Cyber bullying a big danger with 53% of teens exposed
GENERATION Z are a tech-savvy bunch born after 1994, who have never experienced life without technology.
A study by McAfee and TNS has determined the gap between what kids and parents believe is appropriate behaviour online.
It found the average age of opening a social network account was 13.
Success For Kids educational and developmental psychologist Kimberley Cunial said we needed to consider the associated dangers within technology and social media sites.
She said cyber bullying was more dangerous than face to face harassment.
The study showed 25% of tweens, 8-12-year-olds, had seen nasty comments online and 53% of teens were exposed to cyber bullying.
"The aggressor cannot see the person they are hurting and so cannot have the opportunity to feel compassion or empathy," Ms Cunial said.
The effects are long-lasting because it is difficult to remove the content from websites.
"Through middle childhood and adolescence, social comparisons and peer friendships become highly influential as they strive to define their own sense of self or identity," Ms Cunial said.
This can encourage the need for online "friends".
One in five tweens said they had chatted to someone online that they did not know previously.
But she said establishing key restrictions and teaching how to stay safe over the net at a young age was essential.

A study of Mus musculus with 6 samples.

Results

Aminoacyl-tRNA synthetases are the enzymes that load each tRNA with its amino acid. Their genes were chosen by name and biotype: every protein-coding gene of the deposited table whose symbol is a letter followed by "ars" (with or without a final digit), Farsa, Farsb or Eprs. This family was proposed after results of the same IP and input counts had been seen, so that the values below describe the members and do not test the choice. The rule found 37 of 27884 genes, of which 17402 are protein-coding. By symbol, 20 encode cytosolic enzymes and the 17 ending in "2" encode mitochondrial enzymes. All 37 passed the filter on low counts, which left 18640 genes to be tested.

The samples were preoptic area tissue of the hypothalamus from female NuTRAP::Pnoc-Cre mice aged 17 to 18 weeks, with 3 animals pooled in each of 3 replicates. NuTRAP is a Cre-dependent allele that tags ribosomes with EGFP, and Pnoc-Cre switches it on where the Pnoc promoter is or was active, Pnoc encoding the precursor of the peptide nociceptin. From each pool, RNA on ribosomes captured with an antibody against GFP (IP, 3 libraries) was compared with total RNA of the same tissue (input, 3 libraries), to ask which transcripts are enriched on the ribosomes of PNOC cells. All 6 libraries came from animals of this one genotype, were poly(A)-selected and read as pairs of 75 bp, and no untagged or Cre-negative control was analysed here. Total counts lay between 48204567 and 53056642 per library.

"With children, you have the advantage that they still greatly value their parents' input and approval. Parents need to take advantage of this and to start as early as possible at teaching safe cyber skills."
JANET and Jeff Paul have encouraged their children to be cyber-safe from an early age.
Their son Thomas, 7, last week won an iPad in a GLNG competition at Ecofest, in which children had to explain how they were environmentally friendly.
Thomas said he was "bouncing off the walls" when he found out he was the lucky winner - and his parents weren't worried about extra screen time.
Jeff said they restricted how their children, Thomas, Skye, 7, and Jack, 9, used the internet.
"We have a program that restricts the children from searching for things with key words you don't want them to see," Jeff said.
"The computers are in an open space in the house so we can keep an eye on them in that way too."
The children are not allowed to use computers after dinner.